Whitman College professor of geology and environmental studies Bob Carson presents “Volcanoes and Mount St. Helens” as part of Whitman READS at the Walla Walla Public Library.
Photo by Joe Tierney.
The third and final session of the Whitman READS program will be Dec. 5 from 3-3:45 p.m. at the Walla Walla Public Library, 238 E. Alder St. Assistant professor of psychology Erin Pahlke will talk about diversity in "All The Colors That We Are."
WALLA WALLA -- There is only one mountain Bob Carson has scaled twice in his life. And between that first climb and the second, this particular mountain underwent an explosive transformation.
For Carson, professor of geology and environmental studies at Whitman College, the eruption of Mount St. Helens in 1980 was a chance to teach and learn from witnessing an active volcano in the backyard of his own state.
Carson shared that knowledge Wednesday at the Walla Walla Public Library, where the children's section became a virtual classroom.
Close to 30 children of different ages pulled up chairs, sat on cushions or found room on the floor to experience the Mount St. Helens eruption with Carson as guide.
The "Volcanoes and Mount St. Helens" presentation was the second in the Whitman READS fall program, held at the city library. The free sessions are geared for elementary-aged children, and are made possible in part by the Whitman Student Engagement Center.
Abby Juhasz, interim community service coordinator, said Whitman READS started over the summer as a community outreach program. It initially focused on reading, but soon evolved to include hands-on lessons and activities.
Mary Burt, Whitman's science outreach coordinator, connected with Young People's Librarian Elizabeth George to launch the summer series. Burt was one of the summer's weekly presenters, teaching children how to make ice cream using dry ice.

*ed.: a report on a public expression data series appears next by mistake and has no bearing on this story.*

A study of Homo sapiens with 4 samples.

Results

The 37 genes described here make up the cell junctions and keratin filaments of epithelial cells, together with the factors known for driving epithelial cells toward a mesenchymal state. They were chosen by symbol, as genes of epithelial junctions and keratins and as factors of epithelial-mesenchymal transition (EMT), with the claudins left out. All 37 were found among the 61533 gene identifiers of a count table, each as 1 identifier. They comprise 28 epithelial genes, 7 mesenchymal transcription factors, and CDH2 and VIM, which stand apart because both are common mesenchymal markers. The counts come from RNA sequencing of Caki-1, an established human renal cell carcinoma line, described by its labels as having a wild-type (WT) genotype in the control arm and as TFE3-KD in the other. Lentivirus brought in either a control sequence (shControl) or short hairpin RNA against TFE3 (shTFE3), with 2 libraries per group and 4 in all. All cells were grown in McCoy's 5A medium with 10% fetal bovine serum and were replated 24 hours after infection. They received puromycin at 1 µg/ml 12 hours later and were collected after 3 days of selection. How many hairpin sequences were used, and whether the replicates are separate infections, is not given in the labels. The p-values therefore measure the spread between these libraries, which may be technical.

Burt's presentation was a memorable one for Christina Magnaghi, who has brought her five children to the Whitman READS programs since they started.
Magnaghi said the ice-cream lesson and the day's volcano lesson, were particular standouts.
"These ones were the most popular with my kids," she said.
Mount St. Helens began churning and spitting out steam over several weeks before finally exploding on the morning of May 18, 1980. The eruption spread ash for hundreds of miles.
"The cloud is so thick and there's so much ash in it, it turns day into night," Carson described.
The youth exclaimed as Carson showed slides of the volcano before, during and after its eruption. The force of the blast, shooting out at 200 miles an hour, also uprooted trees and displaced Spirit Lake.
"There was so much static electricity that forest fires started," Carson said. Perhaps most dramatically, the eruption literally blew the top off the mountain, leaving a crater in its place. The crater cracked several years later, releasing magma, and eventually developing a lava dome.
The lesson ended with a hands-on demonstration of the volcano eruption and crater formation. A partially inflated balloon was placed in a dish with vinegar and dish soap, then buried in a mound of damp sand. Baking soda was sprinkled over the top to simulate snow caps.
Then with a poke of a knife through the sand, the balloon popped, leaving a crater where there had once been a peak.
Magnaghi said her 6-year-old was attentive, and even her 4-year-old did well listening.
"This one was fantastic," she said. "He did a good job. It was really great."